Chickweed is a name that applies to several annoying annual garden weeds including common chickweed (Stellaria media), sticky chickweed (Cerastium glomeratum) and mouse-ear chickweed (Cerastium fontanum ssp. vulgare). Common chickweed invades lawns, flower beds and vegetable patches, out-competing weaker plants by forming a dense mat of stems in its favored cool, moist conditions. Spreading mainly by seeds but also rooting from stems, common chickweed thrives in disturbed soil and often fades away in long-term perennial plantings.
Maintaining a healthy, vigorous lawn is the best method for controlling chickweed in turf grass. Over-fertilizing with nitrogen fertilizers and watering lightly and frequently encourages chickweed infestations. To control a few scattered chickweed plants, crush them by treading on them, and sprinkle 1 teaspoon of lawn fertilizer on each plant. The nitrogen in the fertilizer burns the chickweed but the grass eventually recovers. To control a serious infestation, spray a lawn herbicide for broad-leaf weeds, such as a ready-to-use 7.59 percent 2,4-D, 1.83 percent mecoprop and 0.84 percent dicamba product. Water dry lawns 24 hours before applying the product, and spray it evenly across the lawn.
Hand Weeding Borders
Intensive hand weeding and a layer of organic mulch help control chickweed in garden borders. Chickweed produces 600 to 15,000 seeds per plant and seeds persist in the soil for seven to eight years, so pull up plants before they flower and remove them from the site because chickweed re-roots from pieces of stem. Check the site weekly during cool, moist seasons when chickweed seeds sprout. A 2-inch layer of organic mulch also provides control by shading out sprouting seeds and providing a physical barrier. Hand weed the border and spread wood chips, shredded bark, garden compost or another mulch over the bare soil, avoiding plant stems.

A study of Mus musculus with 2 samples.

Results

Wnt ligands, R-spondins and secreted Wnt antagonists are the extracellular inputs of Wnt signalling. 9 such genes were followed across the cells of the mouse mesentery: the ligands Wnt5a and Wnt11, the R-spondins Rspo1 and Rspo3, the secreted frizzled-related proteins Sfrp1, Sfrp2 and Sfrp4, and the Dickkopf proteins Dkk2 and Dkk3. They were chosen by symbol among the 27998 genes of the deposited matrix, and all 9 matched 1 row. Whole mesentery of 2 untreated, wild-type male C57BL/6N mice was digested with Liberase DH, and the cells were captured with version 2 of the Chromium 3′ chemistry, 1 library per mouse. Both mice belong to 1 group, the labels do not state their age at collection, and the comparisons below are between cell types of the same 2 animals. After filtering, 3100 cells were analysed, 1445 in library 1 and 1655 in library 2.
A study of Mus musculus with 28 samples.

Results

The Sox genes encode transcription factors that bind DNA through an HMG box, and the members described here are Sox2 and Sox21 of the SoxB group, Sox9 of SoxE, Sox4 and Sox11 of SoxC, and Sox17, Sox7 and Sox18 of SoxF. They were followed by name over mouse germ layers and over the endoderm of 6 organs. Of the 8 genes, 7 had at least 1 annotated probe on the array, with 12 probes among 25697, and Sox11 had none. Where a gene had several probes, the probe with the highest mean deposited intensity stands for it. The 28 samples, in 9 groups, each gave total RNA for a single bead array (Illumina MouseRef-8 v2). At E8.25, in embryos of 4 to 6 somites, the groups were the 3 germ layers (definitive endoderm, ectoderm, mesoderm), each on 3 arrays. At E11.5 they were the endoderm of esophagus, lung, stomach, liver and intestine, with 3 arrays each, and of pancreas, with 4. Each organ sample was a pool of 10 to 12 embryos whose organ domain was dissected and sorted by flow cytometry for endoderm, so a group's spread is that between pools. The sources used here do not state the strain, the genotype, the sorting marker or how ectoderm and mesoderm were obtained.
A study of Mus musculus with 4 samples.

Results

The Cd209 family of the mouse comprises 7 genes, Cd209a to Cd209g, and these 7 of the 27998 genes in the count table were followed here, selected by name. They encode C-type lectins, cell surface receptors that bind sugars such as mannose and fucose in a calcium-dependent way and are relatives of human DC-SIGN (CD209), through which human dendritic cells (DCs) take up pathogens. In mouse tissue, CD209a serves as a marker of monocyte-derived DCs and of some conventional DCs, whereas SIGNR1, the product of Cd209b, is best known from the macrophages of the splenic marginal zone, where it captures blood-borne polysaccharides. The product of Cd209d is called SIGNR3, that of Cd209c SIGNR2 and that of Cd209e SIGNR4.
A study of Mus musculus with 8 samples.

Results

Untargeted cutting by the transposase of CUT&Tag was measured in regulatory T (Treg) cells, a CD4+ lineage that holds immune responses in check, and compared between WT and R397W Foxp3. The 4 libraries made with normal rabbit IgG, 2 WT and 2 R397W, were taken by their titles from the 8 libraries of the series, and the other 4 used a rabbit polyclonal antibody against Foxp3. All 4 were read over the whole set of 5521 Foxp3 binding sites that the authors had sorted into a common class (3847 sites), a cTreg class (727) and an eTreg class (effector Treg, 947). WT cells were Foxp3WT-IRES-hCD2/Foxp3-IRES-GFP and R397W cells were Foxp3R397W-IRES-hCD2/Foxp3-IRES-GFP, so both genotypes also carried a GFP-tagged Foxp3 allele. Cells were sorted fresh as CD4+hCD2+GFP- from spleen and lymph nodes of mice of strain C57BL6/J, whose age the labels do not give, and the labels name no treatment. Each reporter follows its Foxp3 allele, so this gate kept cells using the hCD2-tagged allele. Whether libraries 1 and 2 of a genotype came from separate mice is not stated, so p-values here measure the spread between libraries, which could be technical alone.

Solarizing Vegetable Patches
Soil solarization controls chickweed plants and seeds in vegetable patches. Chickweed competes with vegetables for light, water and nutrients, but infestations can be controlled between crops. Remove surface rocks and rake the vegetable bed until it's even, during the hottest time of the year. Irrigate the patch until the soil is moist to 12 inches deep, and dig a narrow trench 4 to 6 inches deep around the edge. Place the edge of a sheet of transparent plastic 1 to 4 millimeters thick in the trench and cover it with soil. Spread the plastic over the bed and secure it in place by burying the other edges in the trench. Most chickweed plants and seeds die after four to six weeks of solarization.
Widespread chickweed infestations can be controlled with herbicides. Put on long pants, a long-sleeved shirt and gloves, and apply a ready-to-use 2 percent glyphosate product, covering all plant parts, on a dry, still day when the chickweed is actively growing. Glyphosate kills most plants so take care not to spray it near desired plants. To prevent chickweed seeds from sprouting, apply a pre-emergent herbicide such as a 1.47 percent trifluralin product spread at a rate 1 ounce per 40 square feet of clay soil, 60 square feet of loam or 80 square feet of sandy soil. Sprinkle the granules evenly over the soil surface and rake them gently into the top 1 to 3 inches of soil, or apply according to the manufacturer's instructions. Pre-emergent herbicides prevent most seeds from sprouting, and disturbing the soil surface after application can reduce their effectiveness.